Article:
What may have been the deadliest tsunami of all time devastated the city of Alexandria, Egypt. The tsunami, caused by the Crete earthquake (which was estimated to be an 8.0 on the Richter scale), killed over 5,000 people in the city and more than 45,000 outside the city. However, the damage from the tsunami (which was estimated to be more than 100 feet high) was not limited to Alexandria and affected the entire eastern and southern shores of the Mediterranean and also devastated a number of cities (in what is now Libya and Tunisia) and almost wiped out Greco-Roman civilization in North Africa. The death toll is estimated to be somewhere between 300,000 and 500,000!
And yet, way too many people are still surprised when massive tsunamis, such as last year’s Chile Tsunami, 2013’s Solomon’s Tsunami, or significant 2011 Japan Tsunami strike, devastate cities, and cause major disruptions to our supply chains.
These events have been recorded for over 2,441 years, ever since Thucydides described how the tsunami of 426 in the Malian Gulf affected the Peloponnesian War, and we know the exact date for major historical tsunamis all the way back to 79 AD (when the eruption of Mount Vesuvius, which buried Pompeii and Herculaneum)! Every time a major earthquake or volcanic eruption occurs along the coast, which is where most occur because that’s where most of the fault lines between tectonic plates are, they happen. And massive damage and disruption results. We should not be surprised and we should be prepared.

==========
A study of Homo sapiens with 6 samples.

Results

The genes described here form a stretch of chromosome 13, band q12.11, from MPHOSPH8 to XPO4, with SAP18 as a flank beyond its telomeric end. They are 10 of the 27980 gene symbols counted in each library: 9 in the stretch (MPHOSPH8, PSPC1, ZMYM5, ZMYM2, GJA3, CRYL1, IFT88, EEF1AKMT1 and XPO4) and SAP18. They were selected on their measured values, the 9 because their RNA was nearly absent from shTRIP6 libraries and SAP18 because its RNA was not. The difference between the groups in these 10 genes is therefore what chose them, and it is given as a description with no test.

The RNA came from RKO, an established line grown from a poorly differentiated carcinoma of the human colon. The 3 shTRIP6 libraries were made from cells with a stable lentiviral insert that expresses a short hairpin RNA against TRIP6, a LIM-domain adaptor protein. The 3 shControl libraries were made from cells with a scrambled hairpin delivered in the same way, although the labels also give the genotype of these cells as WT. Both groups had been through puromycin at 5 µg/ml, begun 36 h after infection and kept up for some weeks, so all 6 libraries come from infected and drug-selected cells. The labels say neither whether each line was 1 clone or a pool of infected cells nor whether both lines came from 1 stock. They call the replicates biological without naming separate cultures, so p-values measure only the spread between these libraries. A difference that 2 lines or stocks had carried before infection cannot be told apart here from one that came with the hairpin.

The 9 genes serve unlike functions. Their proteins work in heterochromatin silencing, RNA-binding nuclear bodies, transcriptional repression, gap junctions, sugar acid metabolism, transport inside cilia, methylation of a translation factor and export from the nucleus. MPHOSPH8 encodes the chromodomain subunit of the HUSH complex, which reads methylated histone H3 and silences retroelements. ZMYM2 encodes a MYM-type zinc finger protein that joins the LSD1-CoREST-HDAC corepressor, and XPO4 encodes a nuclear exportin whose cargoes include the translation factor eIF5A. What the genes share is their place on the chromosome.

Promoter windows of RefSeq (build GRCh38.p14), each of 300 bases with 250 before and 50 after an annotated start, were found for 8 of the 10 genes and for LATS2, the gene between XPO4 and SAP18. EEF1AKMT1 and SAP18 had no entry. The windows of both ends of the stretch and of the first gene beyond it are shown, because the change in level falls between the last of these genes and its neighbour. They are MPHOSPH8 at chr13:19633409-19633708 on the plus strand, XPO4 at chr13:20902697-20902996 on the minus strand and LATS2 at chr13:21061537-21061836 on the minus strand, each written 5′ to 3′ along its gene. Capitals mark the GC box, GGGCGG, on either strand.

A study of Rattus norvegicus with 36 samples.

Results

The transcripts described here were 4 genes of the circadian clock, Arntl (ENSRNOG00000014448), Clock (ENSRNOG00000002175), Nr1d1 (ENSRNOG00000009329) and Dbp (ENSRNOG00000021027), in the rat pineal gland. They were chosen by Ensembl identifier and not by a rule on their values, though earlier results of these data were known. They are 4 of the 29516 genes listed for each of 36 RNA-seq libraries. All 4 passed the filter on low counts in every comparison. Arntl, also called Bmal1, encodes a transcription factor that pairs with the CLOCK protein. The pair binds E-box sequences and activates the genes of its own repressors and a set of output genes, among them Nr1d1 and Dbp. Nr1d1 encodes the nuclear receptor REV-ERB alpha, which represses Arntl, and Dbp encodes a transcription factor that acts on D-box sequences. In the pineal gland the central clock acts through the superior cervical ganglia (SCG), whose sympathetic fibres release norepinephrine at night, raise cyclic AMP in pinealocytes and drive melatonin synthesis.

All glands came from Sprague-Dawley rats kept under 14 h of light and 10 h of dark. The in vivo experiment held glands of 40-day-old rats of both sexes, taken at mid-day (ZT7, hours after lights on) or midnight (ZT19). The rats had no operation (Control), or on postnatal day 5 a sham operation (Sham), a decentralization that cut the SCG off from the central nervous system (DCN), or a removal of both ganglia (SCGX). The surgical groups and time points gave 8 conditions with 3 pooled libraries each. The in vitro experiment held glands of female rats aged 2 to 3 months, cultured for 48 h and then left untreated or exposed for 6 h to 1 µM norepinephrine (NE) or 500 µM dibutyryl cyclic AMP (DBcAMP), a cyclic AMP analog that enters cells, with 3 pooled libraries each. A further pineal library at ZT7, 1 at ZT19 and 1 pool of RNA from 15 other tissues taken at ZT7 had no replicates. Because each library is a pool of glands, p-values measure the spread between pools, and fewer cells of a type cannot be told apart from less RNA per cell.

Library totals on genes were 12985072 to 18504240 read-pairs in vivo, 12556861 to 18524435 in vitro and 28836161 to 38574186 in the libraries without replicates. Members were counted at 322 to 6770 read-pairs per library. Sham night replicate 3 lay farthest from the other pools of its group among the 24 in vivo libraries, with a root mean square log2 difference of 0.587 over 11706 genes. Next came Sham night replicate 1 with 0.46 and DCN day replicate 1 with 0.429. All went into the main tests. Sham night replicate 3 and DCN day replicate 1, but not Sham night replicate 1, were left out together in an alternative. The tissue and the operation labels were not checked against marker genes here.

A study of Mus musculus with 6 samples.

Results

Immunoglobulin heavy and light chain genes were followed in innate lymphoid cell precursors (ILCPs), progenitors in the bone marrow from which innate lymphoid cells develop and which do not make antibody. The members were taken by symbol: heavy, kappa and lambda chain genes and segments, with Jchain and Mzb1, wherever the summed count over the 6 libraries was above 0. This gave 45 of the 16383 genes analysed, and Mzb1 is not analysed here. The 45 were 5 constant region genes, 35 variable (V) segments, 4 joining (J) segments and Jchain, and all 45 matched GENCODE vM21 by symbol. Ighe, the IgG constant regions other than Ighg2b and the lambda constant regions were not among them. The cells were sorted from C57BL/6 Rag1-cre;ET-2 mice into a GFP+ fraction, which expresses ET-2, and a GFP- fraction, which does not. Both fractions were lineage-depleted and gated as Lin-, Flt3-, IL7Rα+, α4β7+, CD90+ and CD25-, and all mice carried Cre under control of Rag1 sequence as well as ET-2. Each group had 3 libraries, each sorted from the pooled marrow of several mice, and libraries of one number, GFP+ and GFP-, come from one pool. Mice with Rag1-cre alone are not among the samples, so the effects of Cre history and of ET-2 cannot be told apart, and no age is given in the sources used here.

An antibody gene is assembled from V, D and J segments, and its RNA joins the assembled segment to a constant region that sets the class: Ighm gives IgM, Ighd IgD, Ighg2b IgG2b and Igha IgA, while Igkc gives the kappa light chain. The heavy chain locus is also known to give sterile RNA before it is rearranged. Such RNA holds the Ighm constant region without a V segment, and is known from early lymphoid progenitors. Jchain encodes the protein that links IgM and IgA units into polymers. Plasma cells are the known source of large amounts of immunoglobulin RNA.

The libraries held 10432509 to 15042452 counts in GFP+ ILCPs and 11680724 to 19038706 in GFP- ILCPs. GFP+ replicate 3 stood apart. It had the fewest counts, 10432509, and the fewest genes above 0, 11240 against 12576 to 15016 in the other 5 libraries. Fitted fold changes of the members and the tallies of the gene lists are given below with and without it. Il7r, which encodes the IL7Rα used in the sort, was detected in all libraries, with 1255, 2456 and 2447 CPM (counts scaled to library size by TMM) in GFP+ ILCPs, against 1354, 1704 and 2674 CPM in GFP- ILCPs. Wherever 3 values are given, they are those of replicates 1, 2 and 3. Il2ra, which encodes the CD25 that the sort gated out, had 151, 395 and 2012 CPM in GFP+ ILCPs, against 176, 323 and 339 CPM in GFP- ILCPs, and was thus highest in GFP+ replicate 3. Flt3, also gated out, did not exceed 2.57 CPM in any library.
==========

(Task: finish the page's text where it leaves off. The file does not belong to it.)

And even though SI usually restricts its history lessons for the weekend, this event was so significant, and so overlooked, it had to make an exception.
And while this has little relevance for Supply Management, a very historical event in American history happened 150 years ago today. At 6 pm in the town square of Springfield, Missouri, “Wild” Bill Hickok shot, and killed, Davis Tutt in what is, on record, the first “quick draw gunfight” that is commonly portrayed in western movies. (For this act he was arrested with murder, which was reduced to manslaughter before the trial, which resulted in his acquittal under the unwritten law of the “fair fight”.